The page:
Growing Cells in Hollow Fibers


To optimize the output of cell cultures, bioprocessors always look for improvements in bioreactors. Traditional bioreactors grow cells in bags, flasks, or stir tanks, but it can be done in other ways.

Last month, Colorado-based Terumo Blood and Cell Technologies announced a new bioreactor, the Quantum Flex Cell Expansion System, which grows cells in a closed system based on hollow-fiber perfusion technology. Although other hollow-fiber bioreactors are available, Delara Motlagh, PhD, general manager, cell therapy technologies, calls this bioreactor “one of the first automated expansion systems that enables cell-therapy commercialization from process development through manufacturing.”

The semipermeable hollow fibers, with an inner diameter of about 200 microns and 50-micron thick walls, remove cell waste and transport nutrients. According to Motlagh, this technology “mimics the body’s environment to grow cells.” For example, she says that this technology “fosters growth of healthier cells with improved access to fresh media and oxygen.”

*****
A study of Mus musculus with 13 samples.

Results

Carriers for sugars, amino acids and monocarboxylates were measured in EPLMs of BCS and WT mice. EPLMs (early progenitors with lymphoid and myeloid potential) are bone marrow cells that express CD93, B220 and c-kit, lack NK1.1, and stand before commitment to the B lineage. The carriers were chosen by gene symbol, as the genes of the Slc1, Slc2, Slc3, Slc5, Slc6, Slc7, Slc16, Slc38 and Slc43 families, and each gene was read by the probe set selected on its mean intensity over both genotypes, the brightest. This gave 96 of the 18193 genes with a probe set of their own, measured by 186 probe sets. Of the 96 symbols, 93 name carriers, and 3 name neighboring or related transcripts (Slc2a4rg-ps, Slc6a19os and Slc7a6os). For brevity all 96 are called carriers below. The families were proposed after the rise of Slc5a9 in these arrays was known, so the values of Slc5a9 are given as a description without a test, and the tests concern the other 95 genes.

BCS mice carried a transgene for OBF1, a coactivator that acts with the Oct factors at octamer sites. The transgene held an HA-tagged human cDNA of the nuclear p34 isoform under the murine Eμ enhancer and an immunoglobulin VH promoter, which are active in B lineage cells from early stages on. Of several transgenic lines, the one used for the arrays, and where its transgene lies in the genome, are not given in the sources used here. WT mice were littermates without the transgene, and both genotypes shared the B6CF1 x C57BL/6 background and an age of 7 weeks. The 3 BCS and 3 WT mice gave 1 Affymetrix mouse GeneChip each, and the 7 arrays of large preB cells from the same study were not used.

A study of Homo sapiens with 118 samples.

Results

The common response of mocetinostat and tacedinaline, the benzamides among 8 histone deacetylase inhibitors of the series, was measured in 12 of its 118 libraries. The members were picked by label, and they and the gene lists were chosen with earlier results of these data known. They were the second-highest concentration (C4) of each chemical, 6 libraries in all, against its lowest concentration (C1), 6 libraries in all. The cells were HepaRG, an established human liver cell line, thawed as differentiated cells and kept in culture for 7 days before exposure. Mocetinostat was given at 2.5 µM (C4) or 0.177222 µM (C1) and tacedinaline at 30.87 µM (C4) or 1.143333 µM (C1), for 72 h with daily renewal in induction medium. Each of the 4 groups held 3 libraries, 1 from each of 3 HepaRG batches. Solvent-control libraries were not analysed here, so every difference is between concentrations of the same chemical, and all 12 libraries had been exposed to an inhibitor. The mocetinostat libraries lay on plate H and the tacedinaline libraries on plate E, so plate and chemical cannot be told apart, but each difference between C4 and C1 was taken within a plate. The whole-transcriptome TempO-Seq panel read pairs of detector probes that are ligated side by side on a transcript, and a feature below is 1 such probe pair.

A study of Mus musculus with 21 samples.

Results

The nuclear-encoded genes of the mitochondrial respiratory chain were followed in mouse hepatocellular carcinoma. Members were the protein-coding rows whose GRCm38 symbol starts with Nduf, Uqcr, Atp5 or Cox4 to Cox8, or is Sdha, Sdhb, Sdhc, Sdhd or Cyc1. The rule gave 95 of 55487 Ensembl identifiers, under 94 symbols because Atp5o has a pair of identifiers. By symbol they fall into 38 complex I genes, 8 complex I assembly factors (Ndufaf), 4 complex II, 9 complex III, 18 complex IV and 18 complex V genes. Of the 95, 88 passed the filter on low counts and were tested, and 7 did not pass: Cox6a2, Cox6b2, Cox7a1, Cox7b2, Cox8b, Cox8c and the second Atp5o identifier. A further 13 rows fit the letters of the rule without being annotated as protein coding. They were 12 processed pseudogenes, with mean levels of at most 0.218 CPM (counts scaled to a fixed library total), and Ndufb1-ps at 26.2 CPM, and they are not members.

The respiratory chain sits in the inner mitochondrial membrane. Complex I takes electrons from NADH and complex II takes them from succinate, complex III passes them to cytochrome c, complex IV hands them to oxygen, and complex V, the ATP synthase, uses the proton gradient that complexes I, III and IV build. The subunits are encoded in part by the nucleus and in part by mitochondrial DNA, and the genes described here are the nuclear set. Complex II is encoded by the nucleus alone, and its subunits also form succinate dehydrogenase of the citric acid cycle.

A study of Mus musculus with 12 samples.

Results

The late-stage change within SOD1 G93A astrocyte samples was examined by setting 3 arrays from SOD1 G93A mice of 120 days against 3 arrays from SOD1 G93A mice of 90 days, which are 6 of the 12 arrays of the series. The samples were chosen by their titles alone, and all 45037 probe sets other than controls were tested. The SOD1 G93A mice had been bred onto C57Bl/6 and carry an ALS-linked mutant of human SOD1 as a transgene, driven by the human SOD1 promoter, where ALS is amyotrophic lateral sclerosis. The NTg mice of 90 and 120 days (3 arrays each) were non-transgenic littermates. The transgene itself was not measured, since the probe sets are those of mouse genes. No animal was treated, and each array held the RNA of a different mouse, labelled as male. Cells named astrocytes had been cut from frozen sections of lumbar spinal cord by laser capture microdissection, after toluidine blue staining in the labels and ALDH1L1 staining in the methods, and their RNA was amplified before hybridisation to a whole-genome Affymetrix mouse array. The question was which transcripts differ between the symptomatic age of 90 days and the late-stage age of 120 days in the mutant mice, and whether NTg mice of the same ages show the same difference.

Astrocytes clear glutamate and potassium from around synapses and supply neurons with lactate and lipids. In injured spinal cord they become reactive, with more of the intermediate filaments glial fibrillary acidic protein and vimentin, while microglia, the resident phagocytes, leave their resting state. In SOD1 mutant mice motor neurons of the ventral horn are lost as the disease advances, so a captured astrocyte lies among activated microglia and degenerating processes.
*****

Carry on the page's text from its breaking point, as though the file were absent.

This hollow-fiber bioreactor can be used with cells in suspension or adherent cells, such as mesenchymal stromal cells (MSCs). Such applications already interest many scientists. For example, scientists from Rutgers University and PBS Biotech described potency assays that can predict the in vivo impact of bioprocess-produced MSCs and help a bioprocessor with scale-up decisions.

In all bioprocessing, a smooth scaleup is crucial. When a bioprocessor can move from development through manufacturing with the same technology, Motlagh says that “brings reduced cost and risk of unanticipated process deviations in later phases of clinical trials.” She and her colleagues focused on that capability in designing the Quantum Flex.

All along the lifecycle of a potential new therapy, Motlagh says that a bioreactor should “provide and maintain a consistent and controlled environment for the cells in culture.” That’s the key goal for any bioreactor.